In an exciting step for the US phone manufacturer, Motorola has launched Project Ara, an open-source platform to create modular mobile phones. The plans from the Google-owned company come off the back of its successful Make with Moto university workshops, during which open-source modularity emerged as a common theme.
Project Ara centres around a basic endoskeleton to which customisable modules can be attached, depending on the user’s requirements. For example, you can choose to have an extra display, a superior camera or additional storage.
The project will be run in collaboration with Design Academy Eindhoven graduate Dave Hakkens, whose modular smartphone concept Phonebloks has received unprecedented support from the online community. Motorola will tap into this online community for an open development process – unheard of in conventional mobile phone manufacturing. It envisages an open-platform that could support hardware from various manufacturers facilitated by an open relationship between user and developer.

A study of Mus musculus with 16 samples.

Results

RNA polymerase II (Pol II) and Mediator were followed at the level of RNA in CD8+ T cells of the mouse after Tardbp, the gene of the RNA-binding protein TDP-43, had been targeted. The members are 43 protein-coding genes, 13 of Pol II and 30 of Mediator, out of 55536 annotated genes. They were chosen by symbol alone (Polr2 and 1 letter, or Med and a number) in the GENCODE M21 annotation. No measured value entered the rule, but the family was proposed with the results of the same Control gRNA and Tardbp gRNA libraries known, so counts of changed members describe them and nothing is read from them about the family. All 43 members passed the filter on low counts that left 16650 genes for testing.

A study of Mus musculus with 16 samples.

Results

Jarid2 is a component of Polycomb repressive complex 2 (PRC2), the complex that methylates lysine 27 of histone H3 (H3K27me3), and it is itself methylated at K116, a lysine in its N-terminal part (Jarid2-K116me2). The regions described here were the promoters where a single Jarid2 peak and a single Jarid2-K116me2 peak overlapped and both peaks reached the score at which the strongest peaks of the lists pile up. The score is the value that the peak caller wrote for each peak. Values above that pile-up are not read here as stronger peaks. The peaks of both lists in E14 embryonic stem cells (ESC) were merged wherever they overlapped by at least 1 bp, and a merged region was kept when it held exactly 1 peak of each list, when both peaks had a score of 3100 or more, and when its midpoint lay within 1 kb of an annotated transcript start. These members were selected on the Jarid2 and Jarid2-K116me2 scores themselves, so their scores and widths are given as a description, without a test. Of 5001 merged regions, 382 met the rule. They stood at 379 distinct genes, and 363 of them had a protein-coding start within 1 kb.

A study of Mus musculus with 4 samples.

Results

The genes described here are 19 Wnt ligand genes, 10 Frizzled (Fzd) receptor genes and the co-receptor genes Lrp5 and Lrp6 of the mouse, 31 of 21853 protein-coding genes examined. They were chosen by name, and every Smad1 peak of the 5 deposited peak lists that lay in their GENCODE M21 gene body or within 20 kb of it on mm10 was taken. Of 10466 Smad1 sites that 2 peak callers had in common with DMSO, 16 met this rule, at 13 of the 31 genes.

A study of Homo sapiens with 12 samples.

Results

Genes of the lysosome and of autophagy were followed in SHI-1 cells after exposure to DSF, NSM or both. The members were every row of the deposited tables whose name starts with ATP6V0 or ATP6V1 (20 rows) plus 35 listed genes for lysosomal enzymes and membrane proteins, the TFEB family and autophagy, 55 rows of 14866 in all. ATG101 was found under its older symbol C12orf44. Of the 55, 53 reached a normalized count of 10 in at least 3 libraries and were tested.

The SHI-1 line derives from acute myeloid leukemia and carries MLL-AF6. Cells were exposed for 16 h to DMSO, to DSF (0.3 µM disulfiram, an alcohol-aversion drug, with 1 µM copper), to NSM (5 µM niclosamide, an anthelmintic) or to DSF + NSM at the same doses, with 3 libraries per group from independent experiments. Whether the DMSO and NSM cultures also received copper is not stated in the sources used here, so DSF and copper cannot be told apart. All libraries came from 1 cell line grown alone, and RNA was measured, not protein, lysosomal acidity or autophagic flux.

To gather feedback and ideas for Project Ara, Motorola is using online research platform Dscout. Volunteers, known as scouts, are sent questions via an app that allow them to offer suggestions and become part of the design process.
As discussed in our Industry Trend Design Democracy: Outsider, many designers advocate an open design process, but this is the first scheme devised by a global corporation on this scale. Read more about the rise of the consumer-inventor in our Industry Trend Thinking Digitally: Everyone’s an Engineer. For more about the benefits and applications of modular design, see our Industry Trend Design Democracy: Integrate.
Further examples of design democracy benefitting micro-industries are featured in our Lift: Occupy Industry report, publishing this week.